5th October 2003, 17:41
At the risk of making something big out of a something small I just wanted to share a bit of behaviour I spotted last week from my Sals (juvenile Gallaica).
They are in a large contico box, paper tissue, cork bark & the Contico snake box is unusually transparent. I tipped in my crickets and sat back to watch - I always enjoy watching young fire salamander morphs dig into their grub. They are so pretty and delicate and yet such determined hunters. They always seem so feline in the way they stand, watch and chase!
All five came out from under the log together which was quite comical. One locked onto a small cricket that jumped over them and ran up the log, so that morph double-backed over the top of the log at speed to get it.
Very quickly the crickets seemed to head for the edge of the moist towelling. They seemed to want to drink water droplets rather than climb up and out. Most congregated in one corner and spread out along the sides, either side. The other four young gallaica ambled over but then stopped in unison.
They formed a perfect circle and appeared to forget the food for a moment. They then spent the best part of a minute in what I can only describe - I don't what to humanise animals but this is what it looked like - trying to stand above each other. It was like a competition to stand the highest and it involved pushing the opposing animals' heads down into the tissue. It was a really odd spectacle, quite a comedy ballet.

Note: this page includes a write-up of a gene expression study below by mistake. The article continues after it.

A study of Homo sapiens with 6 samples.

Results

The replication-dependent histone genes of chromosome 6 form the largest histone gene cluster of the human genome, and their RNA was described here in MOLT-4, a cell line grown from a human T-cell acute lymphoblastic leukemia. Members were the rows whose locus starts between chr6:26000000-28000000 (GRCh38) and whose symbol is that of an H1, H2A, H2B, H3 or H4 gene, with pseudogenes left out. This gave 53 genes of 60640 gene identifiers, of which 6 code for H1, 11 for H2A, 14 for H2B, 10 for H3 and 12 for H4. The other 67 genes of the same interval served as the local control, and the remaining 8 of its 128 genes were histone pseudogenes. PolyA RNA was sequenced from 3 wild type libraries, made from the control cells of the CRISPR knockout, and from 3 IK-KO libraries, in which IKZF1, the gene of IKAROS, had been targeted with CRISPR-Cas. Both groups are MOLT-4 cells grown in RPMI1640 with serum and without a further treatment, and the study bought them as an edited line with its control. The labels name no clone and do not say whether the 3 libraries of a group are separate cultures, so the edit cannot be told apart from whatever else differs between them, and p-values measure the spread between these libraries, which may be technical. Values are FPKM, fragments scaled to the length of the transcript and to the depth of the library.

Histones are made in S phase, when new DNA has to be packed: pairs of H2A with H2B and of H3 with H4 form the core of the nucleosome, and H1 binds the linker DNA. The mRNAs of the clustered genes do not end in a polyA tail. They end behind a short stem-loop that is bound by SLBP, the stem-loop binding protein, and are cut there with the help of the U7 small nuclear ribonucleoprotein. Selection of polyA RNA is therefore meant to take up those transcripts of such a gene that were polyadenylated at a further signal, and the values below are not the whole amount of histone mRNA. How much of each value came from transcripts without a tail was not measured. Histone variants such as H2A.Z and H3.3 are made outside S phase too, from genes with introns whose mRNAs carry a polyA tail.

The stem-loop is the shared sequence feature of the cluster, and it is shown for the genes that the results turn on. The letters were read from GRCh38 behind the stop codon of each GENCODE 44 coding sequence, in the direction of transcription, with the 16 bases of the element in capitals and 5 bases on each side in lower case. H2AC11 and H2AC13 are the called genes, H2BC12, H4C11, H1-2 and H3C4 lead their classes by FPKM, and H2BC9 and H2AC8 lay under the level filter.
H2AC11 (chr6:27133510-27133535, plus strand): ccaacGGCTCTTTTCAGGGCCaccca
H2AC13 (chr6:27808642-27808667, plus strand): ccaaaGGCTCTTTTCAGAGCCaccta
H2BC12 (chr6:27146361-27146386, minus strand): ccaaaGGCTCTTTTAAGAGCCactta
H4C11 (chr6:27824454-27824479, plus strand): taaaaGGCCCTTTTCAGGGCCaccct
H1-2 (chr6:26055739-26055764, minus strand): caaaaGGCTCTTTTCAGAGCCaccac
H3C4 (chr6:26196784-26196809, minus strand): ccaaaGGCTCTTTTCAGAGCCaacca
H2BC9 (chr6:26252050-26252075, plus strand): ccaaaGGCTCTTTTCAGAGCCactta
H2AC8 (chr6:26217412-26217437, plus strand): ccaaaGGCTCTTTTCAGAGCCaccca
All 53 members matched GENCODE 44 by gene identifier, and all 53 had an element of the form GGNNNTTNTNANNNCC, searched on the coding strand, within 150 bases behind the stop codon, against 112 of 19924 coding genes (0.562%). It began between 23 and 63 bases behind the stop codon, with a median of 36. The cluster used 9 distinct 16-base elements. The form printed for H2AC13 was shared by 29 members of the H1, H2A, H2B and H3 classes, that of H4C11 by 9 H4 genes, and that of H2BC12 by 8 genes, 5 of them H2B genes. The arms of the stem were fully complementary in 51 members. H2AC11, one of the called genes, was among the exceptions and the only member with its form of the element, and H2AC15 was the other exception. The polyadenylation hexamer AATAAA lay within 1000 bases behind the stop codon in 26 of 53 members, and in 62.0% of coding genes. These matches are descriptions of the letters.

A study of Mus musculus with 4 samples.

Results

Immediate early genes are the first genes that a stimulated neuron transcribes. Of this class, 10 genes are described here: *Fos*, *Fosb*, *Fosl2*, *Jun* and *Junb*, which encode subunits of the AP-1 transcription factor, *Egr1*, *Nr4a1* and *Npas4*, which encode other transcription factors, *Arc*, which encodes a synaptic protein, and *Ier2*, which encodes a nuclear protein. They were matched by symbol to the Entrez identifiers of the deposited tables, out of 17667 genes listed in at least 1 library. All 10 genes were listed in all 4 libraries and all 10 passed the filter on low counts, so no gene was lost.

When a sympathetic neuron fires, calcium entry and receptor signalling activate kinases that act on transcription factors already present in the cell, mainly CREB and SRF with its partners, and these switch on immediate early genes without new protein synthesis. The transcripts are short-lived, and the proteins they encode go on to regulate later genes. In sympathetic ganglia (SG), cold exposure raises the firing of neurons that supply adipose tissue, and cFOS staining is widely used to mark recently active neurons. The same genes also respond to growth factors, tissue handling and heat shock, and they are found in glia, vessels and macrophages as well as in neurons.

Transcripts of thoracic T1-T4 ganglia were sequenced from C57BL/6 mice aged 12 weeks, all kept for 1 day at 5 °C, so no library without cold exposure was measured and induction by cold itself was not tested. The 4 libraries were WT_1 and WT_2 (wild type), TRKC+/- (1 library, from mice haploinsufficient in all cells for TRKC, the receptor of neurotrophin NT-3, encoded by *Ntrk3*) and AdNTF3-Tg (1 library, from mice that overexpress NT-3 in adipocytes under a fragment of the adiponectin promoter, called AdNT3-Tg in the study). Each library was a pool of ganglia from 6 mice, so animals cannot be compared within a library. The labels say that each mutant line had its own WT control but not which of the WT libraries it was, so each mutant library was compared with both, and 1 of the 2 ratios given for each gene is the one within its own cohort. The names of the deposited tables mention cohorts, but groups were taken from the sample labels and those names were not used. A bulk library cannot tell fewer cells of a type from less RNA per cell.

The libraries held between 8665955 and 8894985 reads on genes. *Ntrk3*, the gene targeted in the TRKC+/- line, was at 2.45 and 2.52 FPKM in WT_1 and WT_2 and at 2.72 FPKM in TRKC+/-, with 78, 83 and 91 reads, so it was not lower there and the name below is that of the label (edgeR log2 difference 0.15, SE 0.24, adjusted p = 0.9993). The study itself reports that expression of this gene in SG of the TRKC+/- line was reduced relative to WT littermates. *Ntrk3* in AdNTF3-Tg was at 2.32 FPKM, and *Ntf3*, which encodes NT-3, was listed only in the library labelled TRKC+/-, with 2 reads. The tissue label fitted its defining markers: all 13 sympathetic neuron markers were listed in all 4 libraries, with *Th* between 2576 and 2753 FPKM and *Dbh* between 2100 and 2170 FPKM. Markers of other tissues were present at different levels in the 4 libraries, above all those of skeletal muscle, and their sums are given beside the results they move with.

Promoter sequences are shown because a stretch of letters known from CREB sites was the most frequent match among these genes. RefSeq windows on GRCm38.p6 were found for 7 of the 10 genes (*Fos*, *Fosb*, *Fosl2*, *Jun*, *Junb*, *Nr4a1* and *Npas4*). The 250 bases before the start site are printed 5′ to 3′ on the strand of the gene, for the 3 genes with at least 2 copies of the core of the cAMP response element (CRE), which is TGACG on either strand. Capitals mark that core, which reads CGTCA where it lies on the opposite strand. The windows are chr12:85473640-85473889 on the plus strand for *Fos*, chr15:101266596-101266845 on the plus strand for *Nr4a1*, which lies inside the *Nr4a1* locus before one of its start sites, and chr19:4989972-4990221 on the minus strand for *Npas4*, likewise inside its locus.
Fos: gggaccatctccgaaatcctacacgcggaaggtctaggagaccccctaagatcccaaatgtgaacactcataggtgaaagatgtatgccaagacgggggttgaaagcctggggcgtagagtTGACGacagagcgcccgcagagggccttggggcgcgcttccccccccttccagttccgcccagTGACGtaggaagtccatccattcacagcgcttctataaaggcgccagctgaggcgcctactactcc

Now I've seen one animal do this to another but it always seemed like get-out-my-way-because-there-is-a-cricket-behind-you. This was a prolonged group wrestle with no obvious foodstuff close to the animals. The way they were repeatedly trying to push each others' heads down was really quite surprising!
Eventually the one who came out on top stopped the scrum first and headed back over to Cricket Corner with the others trailing.
Better drama than what was on tv that night...

My questions are:
*Is this what it seemed like - territorial behaviour to establish a hierarchy before dinner was served?
*In a small group of youg Sals of good health and equal size will there be a hierarchy too? Is there a "health pyramid" to use a great phrase from one of Marc S's Mantella books?
*Have other keepers seen this or similar?
* When I was at University I had to do a psychology experiment in the lab with newly hatched chicks. We measured how often they chirped and how often they pecked another bird. You could plot a graph to show the "pecking order". Is this is a similar phenomenon?
*If there is a pecking order set among evently apparently equally-matched young caudates, are there small species-specific behaviours that set the animals rank? Is the Sal behaviour the equivalent of the chew my neighbours' foot I've seen in my Chinese fire bellies and my Pleurodeles?
*To what extent is this behaviour a priduct of living in a captive space, however generous? I don't know what the wild population density might be for the galliaca - how often might they meet and would they do what I saw when they do?

Fascinated of UK.

sergé
7th October 2003, 10:58
Don't think there is territorial behaviour in juveniles Competition for food however is clearly there. Some animals are quicker, therefor get more food en therefor grow bigger. Whenever you keep a group of juveniles there will be ones that grow quicker. But...also raising them indivually and giving them almost equal food supply some will grow quicker.
Food competition can turn into a feeding frenzy, which is what I think happened. They get all wild because of food and don't know where to look or to bite.
But perhaps someone else has better explinations...

greetings, Sergé

matthew
8th October 2003, 22:13
Thanks for your reply Serge - nice to get one after all that typing!